West Midlands Mayor Andy Street has slammed Labour plans that would overlook the region as the potential site for a new Gigafactory.
Business leaders have campaigned for the giant electric battery factory to be built in the West Midlands Combined Authority (WMCA) area, saying it would generate more than 1,000 jobs in the UK’s automotive heartland.
However, last week Labour confirmed in its manifesto that it preferred three sites outside the WMCA - with the closest one in Stoke-on-Trent.
Conservative Mayor Mr Street, who is ‘actively seeking’ a site for a 1.9 million sq ft factory in the region, said it would enable the UK to compete on the global electric car manufacturing stage.
"In picking the locations they have, Labour have ignored the most obvious home for this vital state-of-the-art facility – the West Midlands," Mr Street said.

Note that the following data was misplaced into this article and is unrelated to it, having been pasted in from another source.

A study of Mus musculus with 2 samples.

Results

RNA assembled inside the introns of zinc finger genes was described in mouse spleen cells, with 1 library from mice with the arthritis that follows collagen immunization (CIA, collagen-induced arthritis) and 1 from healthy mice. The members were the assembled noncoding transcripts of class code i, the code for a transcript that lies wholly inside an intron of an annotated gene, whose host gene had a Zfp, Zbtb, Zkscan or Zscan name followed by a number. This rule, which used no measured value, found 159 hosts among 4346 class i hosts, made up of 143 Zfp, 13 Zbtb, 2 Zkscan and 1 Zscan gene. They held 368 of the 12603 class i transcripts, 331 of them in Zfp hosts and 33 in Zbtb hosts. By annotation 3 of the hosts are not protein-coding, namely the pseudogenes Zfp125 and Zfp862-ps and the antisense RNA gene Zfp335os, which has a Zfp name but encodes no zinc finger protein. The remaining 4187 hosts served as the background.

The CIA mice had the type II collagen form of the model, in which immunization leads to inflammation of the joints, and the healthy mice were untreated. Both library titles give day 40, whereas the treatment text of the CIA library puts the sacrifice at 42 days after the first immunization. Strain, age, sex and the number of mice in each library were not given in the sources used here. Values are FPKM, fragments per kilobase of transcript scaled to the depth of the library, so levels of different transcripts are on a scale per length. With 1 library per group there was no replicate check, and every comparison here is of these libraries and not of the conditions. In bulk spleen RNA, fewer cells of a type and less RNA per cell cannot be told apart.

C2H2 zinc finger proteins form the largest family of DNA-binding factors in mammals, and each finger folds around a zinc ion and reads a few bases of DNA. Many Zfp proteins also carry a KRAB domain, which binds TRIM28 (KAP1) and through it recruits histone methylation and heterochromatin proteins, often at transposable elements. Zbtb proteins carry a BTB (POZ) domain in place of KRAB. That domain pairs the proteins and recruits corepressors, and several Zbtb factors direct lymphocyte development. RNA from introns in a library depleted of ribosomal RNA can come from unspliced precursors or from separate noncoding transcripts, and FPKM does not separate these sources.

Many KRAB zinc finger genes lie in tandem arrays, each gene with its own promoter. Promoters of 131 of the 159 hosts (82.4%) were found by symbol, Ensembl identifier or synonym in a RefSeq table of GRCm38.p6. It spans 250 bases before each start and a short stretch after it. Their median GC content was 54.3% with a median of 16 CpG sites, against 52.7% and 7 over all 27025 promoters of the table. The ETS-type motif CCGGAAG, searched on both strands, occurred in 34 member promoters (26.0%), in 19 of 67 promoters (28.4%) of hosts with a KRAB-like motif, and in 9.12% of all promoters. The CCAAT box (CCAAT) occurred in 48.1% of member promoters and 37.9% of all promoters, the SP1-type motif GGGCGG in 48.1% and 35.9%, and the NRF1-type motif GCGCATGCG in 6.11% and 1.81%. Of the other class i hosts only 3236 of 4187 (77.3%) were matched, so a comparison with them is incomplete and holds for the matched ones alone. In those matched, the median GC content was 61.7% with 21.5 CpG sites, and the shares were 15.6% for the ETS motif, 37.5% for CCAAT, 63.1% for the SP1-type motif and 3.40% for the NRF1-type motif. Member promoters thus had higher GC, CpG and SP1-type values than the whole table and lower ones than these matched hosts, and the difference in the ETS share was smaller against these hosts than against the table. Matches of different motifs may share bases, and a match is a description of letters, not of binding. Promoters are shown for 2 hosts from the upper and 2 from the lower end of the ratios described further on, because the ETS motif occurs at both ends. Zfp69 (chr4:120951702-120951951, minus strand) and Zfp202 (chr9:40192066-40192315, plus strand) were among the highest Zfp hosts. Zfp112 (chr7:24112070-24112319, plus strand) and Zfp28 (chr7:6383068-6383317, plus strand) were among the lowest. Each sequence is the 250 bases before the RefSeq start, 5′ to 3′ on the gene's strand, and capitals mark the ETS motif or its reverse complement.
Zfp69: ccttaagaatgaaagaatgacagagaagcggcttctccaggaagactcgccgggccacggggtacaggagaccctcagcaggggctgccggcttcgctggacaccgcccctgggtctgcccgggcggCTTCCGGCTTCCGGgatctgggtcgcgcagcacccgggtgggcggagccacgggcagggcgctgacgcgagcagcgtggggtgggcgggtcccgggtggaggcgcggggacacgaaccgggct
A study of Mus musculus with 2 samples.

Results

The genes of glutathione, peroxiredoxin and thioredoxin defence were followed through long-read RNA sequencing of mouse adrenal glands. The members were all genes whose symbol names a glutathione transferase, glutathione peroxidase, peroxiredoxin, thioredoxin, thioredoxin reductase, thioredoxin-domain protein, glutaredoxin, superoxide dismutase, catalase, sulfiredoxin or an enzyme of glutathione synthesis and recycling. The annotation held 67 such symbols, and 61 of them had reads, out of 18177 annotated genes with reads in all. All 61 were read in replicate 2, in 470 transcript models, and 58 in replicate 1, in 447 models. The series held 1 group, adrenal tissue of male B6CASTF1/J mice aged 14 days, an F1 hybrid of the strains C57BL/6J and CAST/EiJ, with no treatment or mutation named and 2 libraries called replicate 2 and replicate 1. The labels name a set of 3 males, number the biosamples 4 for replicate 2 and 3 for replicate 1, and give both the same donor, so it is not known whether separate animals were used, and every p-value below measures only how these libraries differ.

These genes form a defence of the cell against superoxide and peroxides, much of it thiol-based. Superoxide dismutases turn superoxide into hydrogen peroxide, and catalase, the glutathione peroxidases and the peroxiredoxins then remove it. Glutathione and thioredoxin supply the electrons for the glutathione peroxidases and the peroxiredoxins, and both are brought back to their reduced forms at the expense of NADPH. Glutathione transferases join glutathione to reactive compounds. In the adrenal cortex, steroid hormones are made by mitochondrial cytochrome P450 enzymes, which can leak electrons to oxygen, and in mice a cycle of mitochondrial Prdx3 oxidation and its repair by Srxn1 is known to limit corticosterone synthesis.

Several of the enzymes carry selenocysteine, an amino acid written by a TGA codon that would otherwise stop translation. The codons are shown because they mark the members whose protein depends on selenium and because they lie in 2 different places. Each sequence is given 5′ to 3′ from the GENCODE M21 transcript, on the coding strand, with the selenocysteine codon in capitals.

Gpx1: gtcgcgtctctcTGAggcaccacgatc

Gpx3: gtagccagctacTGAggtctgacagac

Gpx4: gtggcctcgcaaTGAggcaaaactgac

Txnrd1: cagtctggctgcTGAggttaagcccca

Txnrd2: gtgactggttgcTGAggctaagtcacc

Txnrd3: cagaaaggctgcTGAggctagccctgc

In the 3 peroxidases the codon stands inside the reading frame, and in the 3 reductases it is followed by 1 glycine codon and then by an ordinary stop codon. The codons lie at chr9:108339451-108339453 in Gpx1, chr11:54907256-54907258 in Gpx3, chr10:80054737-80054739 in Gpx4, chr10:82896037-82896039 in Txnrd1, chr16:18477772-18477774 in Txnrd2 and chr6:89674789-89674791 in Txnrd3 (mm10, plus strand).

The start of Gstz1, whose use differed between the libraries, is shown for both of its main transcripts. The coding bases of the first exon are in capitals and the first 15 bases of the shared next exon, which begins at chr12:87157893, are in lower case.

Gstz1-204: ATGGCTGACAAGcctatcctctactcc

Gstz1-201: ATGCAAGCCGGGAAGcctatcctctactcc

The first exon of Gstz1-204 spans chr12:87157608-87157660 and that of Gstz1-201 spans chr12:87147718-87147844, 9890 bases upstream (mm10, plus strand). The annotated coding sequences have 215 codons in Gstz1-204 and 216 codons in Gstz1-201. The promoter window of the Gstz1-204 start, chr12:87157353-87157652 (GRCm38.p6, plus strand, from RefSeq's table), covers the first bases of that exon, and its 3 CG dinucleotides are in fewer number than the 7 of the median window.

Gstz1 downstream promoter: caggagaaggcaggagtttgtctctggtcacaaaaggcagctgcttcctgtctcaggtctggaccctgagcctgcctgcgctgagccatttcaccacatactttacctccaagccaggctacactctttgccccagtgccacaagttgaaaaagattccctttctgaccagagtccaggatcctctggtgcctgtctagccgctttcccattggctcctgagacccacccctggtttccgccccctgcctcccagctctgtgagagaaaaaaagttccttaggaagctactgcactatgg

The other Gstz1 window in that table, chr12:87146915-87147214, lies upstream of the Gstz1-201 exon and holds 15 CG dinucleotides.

“We have an automotive cluster, based around the flagship that is Jaguar Land Rover. We have a huge network of supply and support firms that have developed over decades. We are at the heart of the UK’s automotive industry – this is the obvious place to build a gigafactory.
“The Government has already played an important role in helping make the West Midlands competitive in this race, investing £108million in a state-of-the-art Battery Industrialisation Centre in Coventry, and creating the Centre for Connected and Autonomous Vehicles.
“The future of the UK’s automotive sector is directly linked to the success of the gigafactory concept and building it in the wrong place increases the chances of failure.
“This is not a decision that should be used simply to win votes – it is much more important than that.
"It is a real shame that Labour have not recognised this, and that the Labour MPs who represent our region have not been able to make this case.
"I will continue to lobby the incoming government to make sure the UK’s first gigafactory is built in the obvious place - here in the West Midlands."